A Bejeweled World
by Songhe Wang (China) and
Patricia Adams Farmer (Ecuador)
Jewels as Insects, Snow, People
by Songhe Wang
NOT LONG AGO I listened to a lecture by the well-known teacher Chenguo in Fudan University in China. In the lecture, she described her interesting experience: One day she visited a painter friend, and he showed her a book of photos named “Jewelry.” She went through the book page by page, but to her surprise, there was no one piece of jewelry there. The book is full of insects. So she said to herself that there must have been a mistake in naming the book, and instead of “Jewelry,” the book of photos should have been named “Insects.” Then she gave the name a second thought; suddenly she realized something unusual and marvelous there.
“Yes,” she said to herself, “insects are jewelry carved and polished by nature. If you look carefully at them, each of them is unique and beautiful in their own way: the patterns and colors on their bodies, the way they move, etc. Because of these natural jewels, designers get inspiration. For example, Chanel has white camellia as its trade mark; the Beetle car …”
If the insects are jewelry in the world, what I want to say is that we human beings are jewels, too, and shine in our own way. We are a piece of dust in the endless universe. However, the mind in the tiny piece of dust thinks and explores the vast universe and tries to discover its secrets one by one.
I live in Harbin, northeast China. It is one of the coldest places in China. In other words, we have a lot of snow and ice in winter time. We make a crystal world each year with the natural jewels of snow and ice, since 1985. This crystal world is called Harbin International Ice and Snow Festival. Seeing the ice-lanterns and snow sculptures is one of the main activities during the Spring Festival. They make our life colorful and full of fun. Thus, it draws tens of thousands of foreign tourists as well. We add meaning to the snow and ice, giving life to them by putting our dreams or imagination in them. For example, we once made an ice rocket, an ice Great Wall, Snow Laughing Buddha…
The natural jewels—snow and ice— decorate and beautify our life; and our dreams and imaginations about the mysterious world embellish the whole universe. As the poet Blake says:
To see a world in a grain of sand,
And a heaven in a wild flower,
Hold infinity in the palm of your hand,
And eternity in an hour.
Indra's Net of Jewels
by Patricia Adams Farmer
JEWELS ARE PRECIOUS not only because they are beautiful, but because their beauty refuses to be self-contained. Jewels draw us into them; they dazzle unapologetically; they move us to poetry. They reveal the truth about the world: everything reflects. Everything connects.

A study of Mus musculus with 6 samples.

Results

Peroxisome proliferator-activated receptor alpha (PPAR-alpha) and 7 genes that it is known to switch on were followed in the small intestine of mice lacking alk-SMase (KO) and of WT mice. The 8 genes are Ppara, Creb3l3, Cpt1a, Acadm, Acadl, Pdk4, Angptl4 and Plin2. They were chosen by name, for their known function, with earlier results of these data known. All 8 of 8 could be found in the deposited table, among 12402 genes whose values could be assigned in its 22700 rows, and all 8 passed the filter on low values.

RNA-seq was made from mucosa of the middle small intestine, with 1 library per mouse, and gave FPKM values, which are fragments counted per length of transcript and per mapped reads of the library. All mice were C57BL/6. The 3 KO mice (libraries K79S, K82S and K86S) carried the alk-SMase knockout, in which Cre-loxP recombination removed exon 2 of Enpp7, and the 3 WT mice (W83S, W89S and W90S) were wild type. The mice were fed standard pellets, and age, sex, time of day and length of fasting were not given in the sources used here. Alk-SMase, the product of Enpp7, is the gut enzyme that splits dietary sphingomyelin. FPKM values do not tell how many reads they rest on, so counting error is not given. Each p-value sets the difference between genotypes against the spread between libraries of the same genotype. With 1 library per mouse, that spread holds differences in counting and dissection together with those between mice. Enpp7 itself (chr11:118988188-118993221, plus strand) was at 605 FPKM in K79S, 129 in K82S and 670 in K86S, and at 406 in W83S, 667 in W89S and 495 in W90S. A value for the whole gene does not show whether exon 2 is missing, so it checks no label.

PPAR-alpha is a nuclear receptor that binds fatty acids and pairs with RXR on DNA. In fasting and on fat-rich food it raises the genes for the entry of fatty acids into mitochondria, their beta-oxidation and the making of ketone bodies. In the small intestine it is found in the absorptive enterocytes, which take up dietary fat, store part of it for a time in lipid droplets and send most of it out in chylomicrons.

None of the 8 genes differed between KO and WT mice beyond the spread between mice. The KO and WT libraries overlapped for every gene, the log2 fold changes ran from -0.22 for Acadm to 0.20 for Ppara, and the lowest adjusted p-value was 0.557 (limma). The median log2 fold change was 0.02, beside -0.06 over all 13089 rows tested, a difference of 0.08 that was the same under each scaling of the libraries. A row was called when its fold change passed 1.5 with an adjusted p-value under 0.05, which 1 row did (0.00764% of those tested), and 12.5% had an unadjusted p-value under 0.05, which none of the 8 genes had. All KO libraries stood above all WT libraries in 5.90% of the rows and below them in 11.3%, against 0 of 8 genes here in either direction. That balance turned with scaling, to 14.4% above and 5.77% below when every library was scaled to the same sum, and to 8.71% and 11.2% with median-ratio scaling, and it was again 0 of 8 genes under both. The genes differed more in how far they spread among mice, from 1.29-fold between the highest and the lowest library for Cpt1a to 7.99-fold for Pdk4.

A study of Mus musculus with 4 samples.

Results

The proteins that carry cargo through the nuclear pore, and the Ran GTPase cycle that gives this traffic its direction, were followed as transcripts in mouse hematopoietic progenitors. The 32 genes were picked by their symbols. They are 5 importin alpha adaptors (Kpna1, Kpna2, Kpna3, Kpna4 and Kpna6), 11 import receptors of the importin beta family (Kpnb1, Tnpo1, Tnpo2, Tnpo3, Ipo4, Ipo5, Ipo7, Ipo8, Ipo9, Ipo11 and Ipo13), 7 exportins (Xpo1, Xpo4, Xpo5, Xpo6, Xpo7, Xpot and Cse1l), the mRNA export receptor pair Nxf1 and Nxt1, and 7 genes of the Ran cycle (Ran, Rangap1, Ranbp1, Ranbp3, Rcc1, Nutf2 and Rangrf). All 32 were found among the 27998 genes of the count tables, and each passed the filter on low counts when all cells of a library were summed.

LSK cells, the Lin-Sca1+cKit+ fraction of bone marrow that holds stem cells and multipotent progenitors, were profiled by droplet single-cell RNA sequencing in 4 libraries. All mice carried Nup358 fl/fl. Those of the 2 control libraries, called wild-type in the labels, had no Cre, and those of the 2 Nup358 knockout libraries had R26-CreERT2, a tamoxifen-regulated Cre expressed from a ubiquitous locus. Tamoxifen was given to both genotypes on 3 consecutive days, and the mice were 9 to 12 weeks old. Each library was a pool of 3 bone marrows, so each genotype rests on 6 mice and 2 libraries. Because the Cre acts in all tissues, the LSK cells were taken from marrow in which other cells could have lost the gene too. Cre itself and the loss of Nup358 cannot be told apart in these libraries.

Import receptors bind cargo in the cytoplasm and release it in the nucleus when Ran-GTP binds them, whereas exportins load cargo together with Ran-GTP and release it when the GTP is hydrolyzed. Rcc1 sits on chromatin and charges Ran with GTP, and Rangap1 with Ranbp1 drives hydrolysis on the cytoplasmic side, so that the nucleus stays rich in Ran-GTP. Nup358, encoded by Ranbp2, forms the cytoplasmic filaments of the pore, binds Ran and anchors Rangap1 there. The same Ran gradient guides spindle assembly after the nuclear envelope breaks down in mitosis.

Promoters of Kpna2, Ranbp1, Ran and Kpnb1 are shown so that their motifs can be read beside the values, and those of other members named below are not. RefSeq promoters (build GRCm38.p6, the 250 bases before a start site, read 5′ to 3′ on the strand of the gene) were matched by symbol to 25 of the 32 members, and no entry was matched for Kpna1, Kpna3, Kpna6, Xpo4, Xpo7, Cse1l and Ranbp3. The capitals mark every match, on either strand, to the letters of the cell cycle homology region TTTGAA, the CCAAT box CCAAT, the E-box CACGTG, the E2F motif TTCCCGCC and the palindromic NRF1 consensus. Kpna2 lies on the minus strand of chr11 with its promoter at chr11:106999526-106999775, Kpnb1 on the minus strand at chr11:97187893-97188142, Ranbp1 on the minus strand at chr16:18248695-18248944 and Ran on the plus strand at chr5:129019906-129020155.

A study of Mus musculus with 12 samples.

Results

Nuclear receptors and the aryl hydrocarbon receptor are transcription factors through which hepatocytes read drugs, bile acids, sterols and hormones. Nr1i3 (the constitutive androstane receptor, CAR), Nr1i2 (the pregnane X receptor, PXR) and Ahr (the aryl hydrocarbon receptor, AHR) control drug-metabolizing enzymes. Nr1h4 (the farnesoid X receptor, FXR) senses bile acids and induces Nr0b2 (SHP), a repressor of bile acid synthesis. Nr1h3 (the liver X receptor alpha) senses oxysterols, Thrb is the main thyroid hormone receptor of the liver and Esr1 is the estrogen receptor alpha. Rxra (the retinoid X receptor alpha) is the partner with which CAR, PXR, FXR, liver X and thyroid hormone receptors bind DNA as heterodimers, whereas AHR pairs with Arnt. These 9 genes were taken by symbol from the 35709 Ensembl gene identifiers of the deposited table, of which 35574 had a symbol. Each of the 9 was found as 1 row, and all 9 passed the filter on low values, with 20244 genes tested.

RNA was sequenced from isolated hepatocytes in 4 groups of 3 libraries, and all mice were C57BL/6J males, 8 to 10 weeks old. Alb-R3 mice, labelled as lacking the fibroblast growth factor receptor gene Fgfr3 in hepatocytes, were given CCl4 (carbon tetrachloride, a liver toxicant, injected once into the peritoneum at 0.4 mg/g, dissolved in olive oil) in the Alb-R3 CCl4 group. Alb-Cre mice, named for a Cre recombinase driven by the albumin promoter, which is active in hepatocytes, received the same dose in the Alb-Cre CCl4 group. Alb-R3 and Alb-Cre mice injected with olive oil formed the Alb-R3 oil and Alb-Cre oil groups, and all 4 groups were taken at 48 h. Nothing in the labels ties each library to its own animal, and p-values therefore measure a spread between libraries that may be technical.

Songhe Wang tells a story about how everything connects, how snow and ice are jewels, and people and insects, too--all reflecting each other’s beauty and belongingness.
There is an ancient story about jewels called “Indra’s Jewels” or “Indra’s Net.”
Far away in the heavenly abode of the great god Indra, there is a wonderful net which has been hung by some cunning artificer in such a manner that it stretches out infinitely in all directions. In accordance with the extravagant tastes of deities, the artificer has hung a single glittering jewel in each "eye" of the net, and since the net itself is infinite in dimension, the jewels are infinite in number. There hang the jewels, glittering "like" stars in the first magnitude, a wonderful sight to behold. If we now arbitrarily select one of these jewels for inspection and look closely at it, we will discover that in its polished surface there are reflected all the other jewels in the net, infinite in number. Not only that, but each of the jewels reflected in this one jewel is also reflecting all the other jewels, so that there is an infinite reflecting process occurring. (told by Francis Harold Cook)
This “infinite reflecting process” not only describes the philosophy of ancient India and and Mahayana Buddhism, but of Whiteheadian thought, too. For Whitehead ‘s Process and Reality describes the world as an organic web of lively interconnections, forever reflecting and penetrating and co-creating one another. Whitehead's world is a beautiful world, a bejeweled world where everything reflects and everything connects.
Songhe’s story about insects as jewels lures me back to Mary Oliver’s famous poem, "The Summer Day," where she speaks of the grasshopper "who is moving her jaws back and forth instead of up and down—/ who is gazing around with her enormous and complicated eyes."
The poet is lured into another world through the eyes of the grasshopper. Those “enormous and complicated eyes” reflect the world like jewels, beckoning us to understand Indra’s cosmic net which, at every single “ eye,” holds a jewel that reflects all other jewels.
Everything reflects; everything connects. We live in a bejeweled world with enormous, complicated eyes that ask of us:
Tell me, what is it you plan to do
With your one wild and precious life?